This is a summary, written by members of the CITF Secretariat, of:

Lu RXZ, Rafatian N, Zhao Y, Wagner KT, Beroncal EL, Li B, Lee C, Chen J, Churcher E, Vosoughi D, Wang Y, Baker A, Trahtemberg U, Li B, Pierro A, Andreazza AC, dos Santos CC, Radisic M. Heart-on-a-chip model of immune-induced cardiac dysfunction reveals the role of free mitochondrial DNA and therapeutic effects of endothelial exosomes. bioRxiv. doi:

The results and/or conclusions contained in the research do not necessarily reflect the views of all CITF members.

A CITF-funded study, published in preprint and not yet peer-reviewed, provided valuable insights into the mechanisms of myocardial inflammation and its effects on heart function using a heart-on-a-chip model. The findings highlight the potential of using extracellular vesicles as a treatment strategy for managing SARS-CoV-2-induced heart dysfunction. This study was led by Dr. Claudia dos Santos and Dr. Andrew Baker (both from Unity Health Toronto).

Key findings:

  • Human cell-based models of myocardial inflammation are lacking. The heart-on-a-chip model closely replicated the inflammatory responses seen in human SARS-CoV-2-induced myocarditis, including immune cell infiltration and increased proinflammatory cytokine levels.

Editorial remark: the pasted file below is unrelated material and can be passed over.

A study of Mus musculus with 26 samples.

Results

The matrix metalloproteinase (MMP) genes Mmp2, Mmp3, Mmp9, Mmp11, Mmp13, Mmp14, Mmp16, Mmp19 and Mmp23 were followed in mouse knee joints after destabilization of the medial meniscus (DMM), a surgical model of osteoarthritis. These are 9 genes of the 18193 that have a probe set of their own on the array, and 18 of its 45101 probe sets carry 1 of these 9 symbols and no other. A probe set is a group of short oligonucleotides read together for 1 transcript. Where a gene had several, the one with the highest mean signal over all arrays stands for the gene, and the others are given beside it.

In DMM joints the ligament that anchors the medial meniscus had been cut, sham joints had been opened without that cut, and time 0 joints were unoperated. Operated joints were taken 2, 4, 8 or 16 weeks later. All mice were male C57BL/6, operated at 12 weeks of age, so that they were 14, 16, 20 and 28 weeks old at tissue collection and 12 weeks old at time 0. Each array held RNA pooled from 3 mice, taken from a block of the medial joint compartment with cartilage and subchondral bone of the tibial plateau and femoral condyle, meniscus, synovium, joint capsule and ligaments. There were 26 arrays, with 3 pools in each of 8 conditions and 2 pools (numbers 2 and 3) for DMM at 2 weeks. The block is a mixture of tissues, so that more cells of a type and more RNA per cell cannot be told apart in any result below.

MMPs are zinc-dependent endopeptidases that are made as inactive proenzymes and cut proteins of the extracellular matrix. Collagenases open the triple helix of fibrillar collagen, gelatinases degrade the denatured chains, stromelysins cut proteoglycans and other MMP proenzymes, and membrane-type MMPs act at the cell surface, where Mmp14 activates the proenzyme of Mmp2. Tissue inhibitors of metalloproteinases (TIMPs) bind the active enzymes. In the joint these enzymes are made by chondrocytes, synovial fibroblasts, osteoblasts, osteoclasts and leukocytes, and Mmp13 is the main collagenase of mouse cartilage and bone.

• Elevated levels of circulating cell-free mitochondrial DNA (ccf-mtDNA) were found in both the model and COVID-19 patients with poor heart function, indicating a strong link between inflammation and heart damage.
  • Extracellular vesicles (HUVEC-EVs) derived from human umbilical endothelial cells, known to contribute to the preservation of vascular hemostasis, were found to reduce mitochondrial damage, mitigate myocardial inflammation, and improve heart function.
  • The extracellular vesicles were found to contain microRNAs that suppress proinflammatory responses through the toll-like receptor (TLR) pathway and a protein called nuclear factor kappa-light-chain-enhancer of activated B cells (NF-kB), both of which regulate immune responses.

Researchers bioengineered a vascularized heart-on-a-chip system, known as Integrated Vasculature for Assessing Dynamic Events (InVADE), with circulating immune cells to model SARS-CoV-2-induced acute myocarditis to determine the pathophysiological hallmarks of heart inflammation. Blood levels of circulating cell-free mitochondrial DNA (ccf-mtDNA) were measured in 40 patients, who were admitted to the medical-surgical intensive care units (MSICU) at St. Michael’s Hospital in Toronto with acute respiratory failure and suspicion of COVID-19 between March 2020 and March 2022.